Fifty-five percent of Ohio schools are subject to lose funding, including four Athens County schools, under Gov. John Kasich’s proposed 2018-2019 budget.
The budget calls for reduced funding if a school district has lost more than 5 percent of its students in the past five years, beginning in fiscal year 2018. The budget must be altered and approved by the end of the fiscal year on July 1.
“If the student population has declined greater than 5 percent, the state aid will be reduced by 1 percent for each additional percent below,” Emmalee Kalmbach, Kasich’s press secretary, said.
There will be a 5 percent cap on the amount of funding a school can lose, Kalmbach said.
The changes in the proposed budget would affect five schools in Athens County. Athens City Schools would lose $5,228, Alexander would lose $7,419, Federal Hocking would lose $169,375 and Nelsonville would lose $1,053. Trimble’s budget would increase by $56,953.
Athens City Schools have been on a minimum guarantee since Kasich came into office, Matt Bunting, the Athens City School District treasurer, said. The minimum guarantee ensures the district a certain amount of funding, but that could change depending on what legislators decide.
Bunting said Kasich has “consistently” proposed minimizing the guarantee, but it is too early in the process to begin to worry.
“It’s the first step of a five-month project,” he said. “It’s really soon in the process with very few details. It’s got a long way to go before we will start worrying about that.”
The budget cuts are an attempt to keep state spending low and practice “fiscal responsibility,” Kalmbach said.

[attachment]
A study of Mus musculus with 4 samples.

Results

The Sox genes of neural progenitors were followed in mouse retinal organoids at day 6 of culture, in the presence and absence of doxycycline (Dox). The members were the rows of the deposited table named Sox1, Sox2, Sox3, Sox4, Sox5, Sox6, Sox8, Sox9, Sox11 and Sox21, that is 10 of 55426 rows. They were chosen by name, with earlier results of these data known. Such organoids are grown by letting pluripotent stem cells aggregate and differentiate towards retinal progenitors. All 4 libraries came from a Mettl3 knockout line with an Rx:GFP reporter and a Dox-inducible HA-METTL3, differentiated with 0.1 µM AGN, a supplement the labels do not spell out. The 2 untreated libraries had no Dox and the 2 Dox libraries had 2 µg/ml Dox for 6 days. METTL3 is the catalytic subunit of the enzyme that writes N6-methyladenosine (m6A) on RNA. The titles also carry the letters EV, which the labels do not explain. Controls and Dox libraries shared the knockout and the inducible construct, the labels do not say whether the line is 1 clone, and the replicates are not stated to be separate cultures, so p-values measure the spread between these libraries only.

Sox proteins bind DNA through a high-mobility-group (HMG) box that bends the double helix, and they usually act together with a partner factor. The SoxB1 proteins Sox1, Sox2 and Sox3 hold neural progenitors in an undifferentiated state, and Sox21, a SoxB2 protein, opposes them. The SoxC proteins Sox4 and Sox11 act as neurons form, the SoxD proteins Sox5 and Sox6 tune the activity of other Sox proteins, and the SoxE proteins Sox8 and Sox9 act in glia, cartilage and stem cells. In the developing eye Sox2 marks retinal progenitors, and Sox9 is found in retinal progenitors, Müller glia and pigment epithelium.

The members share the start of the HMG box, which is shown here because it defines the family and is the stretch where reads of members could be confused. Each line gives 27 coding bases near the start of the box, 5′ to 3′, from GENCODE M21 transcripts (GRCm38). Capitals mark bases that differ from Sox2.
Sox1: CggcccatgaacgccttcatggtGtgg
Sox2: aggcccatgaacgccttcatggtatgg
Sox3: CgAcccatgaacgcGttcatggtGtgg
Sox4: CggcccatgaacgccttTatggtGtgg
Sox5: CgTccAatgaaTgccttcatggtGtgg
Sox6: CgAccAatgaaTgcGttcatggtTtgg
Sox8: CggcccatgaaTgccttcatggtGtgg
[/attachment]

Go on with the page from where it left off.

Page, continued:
“Across the board, we are applying conservative budget principals,” she said. “He inherited a huge deficit, and he is bound and determined not to pass that onto the next governor.”
Kalmbach said Kasich has made K-12 education a “priority since day one” and his investment in education is evidence of that.
“Despite a restrained overall Executive Budget, Gov. Kasich has again made K-12 education a priority by increasing base support to Ohio schools by nearly $200 million,” she said in an email. “As a result, under Gov. Kasich’s leadership, Ohio will be spending $1.6 billion more for K-12 education than in 2011 — the strongest level ever at $10.6 billion.”
Brittany Baker, a sophomore studying early childhood education, is concerned about how budget cuts may affect schools in the area.
“It’s unfortunate that kids are going to be losing with this, whether it’s specials or certain activities that are important to their education and growth,” she said.
Kalmbach said it is important to keep the amount of funding being cut in perspective.
“Why should they get the same funding if they’ve lost five percent of their students?” she said. “It could be losing funding, but it could be only half a percent.”
Originally published for The Post on Feb. 17, 2016.